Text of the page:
Disturbances to infant microbiota influences disease risk, scientists find

(IN PHOTO)Babies are pictured in a maternity ward at the Munich hospital 'Rechts der Isar' January 18, 2011. REUTERS

Scientists claim that disruptions to a person's microbiota in early life may impact the likelihood of acquiring certain diseases later in life. A new study published in Birth Defects Research Part C: Embryo Today says that the microbiota plays an active role in the growth and development of healthy infants and profound shifts in microbiota populations can have consequences on the metabolic and immunologic systems.

The microbiome refers to the tens of trillions of microorganisms that live in the intestine, respiratory tract and on the skin. Any disturbance in these microbiota could possibly contribute to a wide range of childhood diseases including allergies, asthma, obesity and autism-like neurodevelopmental conditions, according to Sharon Meropol, associate director for research and evaluation at the University Hospital (UH) Rainbow Babies & Children's Hospital in Cleveland, Ohio.

Meropol points out that breastfeeding, vaginal birth and skin-to-skin contact after delivery may aid a child’s microbiome development.  This new study presents evidence against popular notions that development of microbiota starts at birth and the womb is a sterile environment.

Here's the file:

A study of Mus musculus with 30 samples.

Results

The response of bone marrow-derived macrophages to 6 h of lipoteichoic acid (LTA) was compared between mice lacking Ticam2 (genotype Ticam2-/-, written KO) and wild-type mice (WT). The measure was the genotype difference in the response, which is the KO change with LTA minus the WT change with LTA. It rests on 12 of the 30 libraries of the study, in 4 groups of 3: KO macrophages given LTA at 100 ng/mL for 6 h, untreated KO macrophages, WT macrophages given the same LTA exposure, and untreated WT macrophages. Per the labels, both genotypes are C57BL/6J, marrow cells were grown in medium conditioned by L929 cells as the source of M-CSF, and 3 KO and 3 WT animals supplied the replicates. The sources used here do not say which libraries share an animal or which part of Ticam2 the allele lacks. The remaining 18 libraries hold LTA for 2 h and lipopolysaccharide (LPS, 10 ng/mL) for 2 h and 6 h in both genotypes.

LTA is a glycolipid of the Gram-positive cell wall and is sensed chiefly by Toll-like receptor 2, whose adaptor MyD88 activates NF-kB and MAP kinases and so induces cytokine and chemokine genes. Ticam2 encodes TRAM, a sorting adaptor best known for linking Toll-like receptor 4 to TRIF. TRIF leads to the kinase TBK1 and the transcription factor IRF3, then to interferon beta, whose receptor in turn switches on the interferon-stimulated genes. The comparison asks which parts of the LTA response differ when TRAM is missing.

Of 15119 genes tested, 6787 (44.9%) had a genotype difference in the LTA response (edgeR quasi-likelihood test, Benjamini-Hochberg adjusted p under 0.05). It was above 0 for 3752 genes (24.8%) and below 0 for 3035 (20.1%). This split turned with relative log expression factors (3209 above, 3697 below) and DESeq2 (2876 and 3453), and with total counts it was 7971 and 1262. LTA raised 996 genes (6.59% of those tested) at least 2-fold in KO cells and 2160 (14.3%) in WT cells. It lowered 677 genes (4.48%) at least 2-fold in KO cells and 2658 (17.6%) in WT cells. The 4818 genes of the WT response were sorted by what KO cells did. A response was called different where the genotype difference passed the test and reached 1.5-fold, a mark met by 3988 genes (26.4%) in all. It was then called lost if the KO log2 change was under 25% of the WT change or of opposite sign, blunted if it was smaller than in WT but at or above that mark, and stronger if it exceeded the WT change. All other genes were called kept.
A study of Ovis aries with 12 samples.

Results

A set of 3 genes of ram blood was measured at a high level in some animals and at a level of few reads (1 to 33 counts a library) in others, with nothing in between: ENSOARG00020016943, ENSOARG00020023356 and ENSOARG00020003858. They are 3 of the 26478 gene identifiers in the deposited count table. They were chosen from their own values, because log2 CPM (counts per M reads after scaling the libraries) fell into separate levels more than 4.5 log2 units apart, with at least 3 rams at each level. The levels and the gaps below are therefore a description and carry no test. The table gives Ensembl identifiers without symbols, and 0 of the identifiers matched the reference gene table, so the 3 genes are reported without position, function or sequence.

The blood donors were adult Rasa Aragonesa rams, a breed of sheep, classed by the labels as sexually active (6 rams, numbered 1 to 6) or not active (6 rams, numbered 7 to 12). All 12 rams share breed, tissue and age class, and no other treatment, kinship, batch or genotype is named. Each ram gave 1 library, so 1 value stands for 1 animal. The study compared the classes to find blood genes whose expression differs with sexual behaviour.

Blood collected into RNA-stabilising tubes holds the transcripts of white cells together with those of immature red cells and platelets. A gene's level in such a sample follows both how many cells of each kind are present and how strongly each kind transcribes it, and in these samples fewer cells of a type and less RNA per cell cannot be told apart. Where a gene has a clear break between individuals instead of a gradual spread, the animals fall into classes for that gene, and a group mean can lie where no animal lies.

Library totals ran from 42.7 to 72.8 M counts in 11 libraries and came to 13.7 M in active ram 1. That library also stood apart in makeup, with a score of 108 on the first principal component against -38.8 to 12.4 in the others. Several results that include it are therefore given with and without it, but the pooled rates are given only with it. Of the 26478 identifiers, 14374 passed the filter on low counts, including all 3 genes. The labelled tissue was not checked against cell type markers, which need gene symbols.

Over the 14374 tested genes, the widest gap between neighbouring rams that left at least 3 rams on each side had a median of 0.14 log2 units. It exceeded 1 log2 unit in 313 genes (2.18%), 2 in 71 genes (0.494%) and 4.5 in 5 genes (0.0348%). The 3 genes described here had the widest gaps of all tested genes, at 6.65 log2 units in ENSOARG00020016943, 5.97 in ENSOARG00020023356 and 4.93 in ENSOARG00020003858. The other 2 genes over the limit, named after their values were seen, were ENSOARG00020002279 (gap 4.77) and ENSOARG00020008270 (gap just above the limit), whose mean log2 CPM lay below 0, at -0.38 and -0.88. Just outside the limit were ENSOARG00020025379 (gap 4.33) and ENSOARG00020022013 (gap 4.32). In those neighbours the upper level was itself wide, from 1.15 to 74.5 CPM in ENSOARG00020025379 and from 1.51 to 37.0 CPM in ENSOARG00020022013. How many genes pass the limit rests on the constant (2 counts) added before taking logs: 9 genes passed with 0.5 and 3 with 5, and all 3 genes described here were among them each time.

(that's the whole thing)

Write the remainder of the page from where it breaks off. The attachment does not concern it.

"This means that not only do we have to consider the microbiome of the child but also that of the mother," Meropol said. "And the irony is that some of our modern medical practices, through their effect on these early microbiota, could have unintended consequences, interfering with normal development of children's immune, metabolic, and neurologic systems."

The researchers note that formula feeding, caesarean section, immunisations and the use of antibiotics are among the factors that have negative effects in the early microbiome.  Many existing studies show that maternal and infant microbiomes influences disease risk, however, the researchers say that this new study is only at the tip of the iceberg.

Medical News Today reported that infants with less diverse gut bacteria were more likely to be allergic to certain foods like egg, milk and peanut by the age of 12 months. Another study claimed that longer breastfeeding encouraged lactic acid bacteria to flourish in their guts, promoting a healthy immune system in infants.

The experts added that further research is needed to provide more clues about these complex changes in infant development. Protecting the developmental processes of healthy microbiome is crucial to promoting infant health.